Two journalists covering protests of mountaintop removal mining in rural West Virginia did not have a privilege to be on…

Two journalists covering protests of mountaintop removal mining in rural West Virginia did not have a privilege to be on the mining company’s property without permission, a county judge ruled this week.

Raleigh County Circuit Judge Robert Burnside listened to arguments that the photojournalists should be excluded from a preliminary injunction obtained by mining concern Massey Energy Co. against the protesters and the journalists during a two-day hearing this week. Burnside rejected the journalists’ First Amendment claims to a newsgathering privilege, The Charleston Gazette reports. Burnside did allow one of the journalists to withhold the identity of his sources using the state’s shield law.

The journalists, Chad Stevens and Antrim Caskey, have both been covering mountaintop removal in West Virginia for several years and were both given trespass citations after an early February protest. The mining company later sought restraining orders against the journalists and the protesters.

Caskey is a photojournalist who has been covering the work of Climate Ground Zero, a group that is fighting the practice of mountaintop removal since 2008. She considers herself "embedded" in the group. Some of her photographs are published on the group’s Web site. Her work has also been published in The New York Times Magazine and Columbia Journalism Review.

Stevens covered a Feb. 3 protest on Massey Energy property as part of a documentary he has been working on since 2006 about wind turbines as an alternative to surface coal mining in Appalachia. That protest focused on the wind turbines, Stevens said. After state police allowed him to shoot the entire protest — from the demonstrators’ arrival to their arrest and removal from the property — Stevens was given a trespass citation.

Caskey has been cited three times for trespassing at Massey Energy sites when she accompanied members of Climate Ground Zero to record their protests. On April 16, after the restraining order had been issued, Caskey again accompanied members of Climate Ground Zero to a protest on Massey Energy Co. property. They were arrested and charged with violating the temporary restraining order. 

"I was not causing any harm," Caskey told the Reporters Committee. "I was not stopping any traffic. I was not protesting. I was shooting an event."

On May 1, Burnside found Caskey and four protesters guilty of violating the restraining order, according to The Register-Herald of Beckley, W.Va. Burnside stayed $500 fines against each until this week’s hearing. Burnside decided not to drop the contempt charges and the fines are reinstated, The Charleston Gazette’s Ken Ward Jr. reported on the paper’s "Coal Tattoo" blog.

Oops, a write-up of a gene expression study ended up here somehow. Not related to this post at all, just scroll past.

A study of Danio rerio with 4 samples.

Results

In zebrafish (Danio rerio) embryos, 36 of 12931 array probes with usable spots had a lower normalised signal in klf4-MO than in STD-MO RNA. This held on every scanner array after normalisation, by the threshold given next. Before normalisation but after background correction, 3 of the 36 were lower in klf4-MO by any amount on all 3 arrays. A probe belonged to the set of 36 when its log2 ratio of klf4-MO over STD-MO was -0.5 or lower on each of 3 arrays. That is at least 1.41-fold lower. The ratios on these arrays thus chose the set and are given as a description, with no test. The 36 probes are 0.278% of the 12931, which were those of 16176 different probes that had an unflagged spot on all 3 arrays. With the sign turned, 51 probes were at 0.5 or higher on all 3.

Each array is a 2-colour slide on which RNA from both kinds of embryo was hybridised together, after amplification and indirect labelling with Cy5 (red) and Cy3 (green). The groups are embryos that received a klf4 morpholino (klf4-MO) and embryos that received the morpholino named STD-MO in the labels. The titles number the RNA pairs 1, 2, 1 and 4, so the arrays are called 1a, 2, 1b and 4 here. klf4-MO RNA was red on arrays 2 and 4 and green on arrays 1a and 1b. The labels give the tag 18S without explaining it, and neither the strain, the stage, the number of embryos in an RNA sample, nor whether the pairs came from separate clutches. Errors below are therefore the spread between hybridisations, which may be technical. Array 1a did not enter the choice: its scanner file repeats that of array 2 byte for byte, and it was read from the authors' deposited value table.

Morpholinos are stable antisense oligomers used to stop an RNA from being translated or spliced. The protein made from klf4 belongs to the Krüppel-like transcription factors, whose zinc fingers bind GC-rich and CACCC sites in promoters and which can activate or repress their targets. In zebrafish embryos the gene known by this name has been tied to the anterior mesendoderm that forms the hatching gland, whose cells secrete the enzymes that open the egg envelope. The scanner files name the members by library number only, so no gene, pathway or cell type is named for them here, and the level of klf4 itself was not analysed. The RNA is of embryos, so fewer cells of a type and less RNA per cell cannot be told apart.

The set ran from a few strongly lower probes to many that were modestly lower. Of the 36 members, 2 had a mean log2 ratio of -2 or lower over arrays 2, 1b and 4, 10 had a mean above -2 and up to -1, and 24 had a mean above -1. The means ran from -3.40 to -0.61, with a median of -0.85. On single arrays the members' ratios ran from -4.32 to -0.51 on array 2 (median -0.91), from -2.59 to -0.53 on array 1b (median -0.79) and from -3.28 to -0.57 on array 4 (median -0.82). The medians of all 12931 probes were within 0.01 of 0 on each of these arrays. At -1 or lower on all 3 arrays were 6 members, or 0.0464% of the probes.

At the May 1 hearing, Roger Forman, the attorney for Caskey and several protesters, argued that she should not be held in contempt and that as a journalist she had a privilege to document Climate Ground Zero’s work, according to The Register-Herald. Burnside said there was no such privilege.  

On Monday, Burnside began a  two-day hearing on whether to grant a preliminary injunction — essentially extending the restraining orders — that would keep Caskey, Stevens and the protesters from Massey Energy property, The Charleston Gazette reported. Burnside again rejected Caskey’s claim, and for the first time Stevens’s, that the court orders would infringe on their First Amendment rights to gather news, according to the paper.

Stevens said he took the stand during the two-day hearing in an effort to establish his credentials as a journalist for the court. Stevens, a one-time college photographer of the year, is a former member of the faculty in Western Kentucky University’s photojournalism program and has worked as a photographer and producer for a number of news outlets, including the Los Angeles Times. Stevens is being represented pro bono by Robert Bastress, a constitutional law professor at West Virginia University, and Jody Wooton, a Beckley attorney.

During the hearing, Stevens said the mining company’s attorneys tried to get him to reveal the sources he’s used to cover the mining protest. "If I were to reveal the sources in this situation, it would be harmful in two ways," Stevens told the Reporters Committee.  "First, it would put some of them in harm’s way. Mountaintop removal is a controversial issue; the community is divided. I would also be completely shut out from being able to cover the story."

Stevens said he wasn’t forced to reveal his sources, but Burnside did grant a preliminary injunction to keep the journalists and protesters off its property.  Both Caskey and Stevens said they would appeal Burnside’s opinion.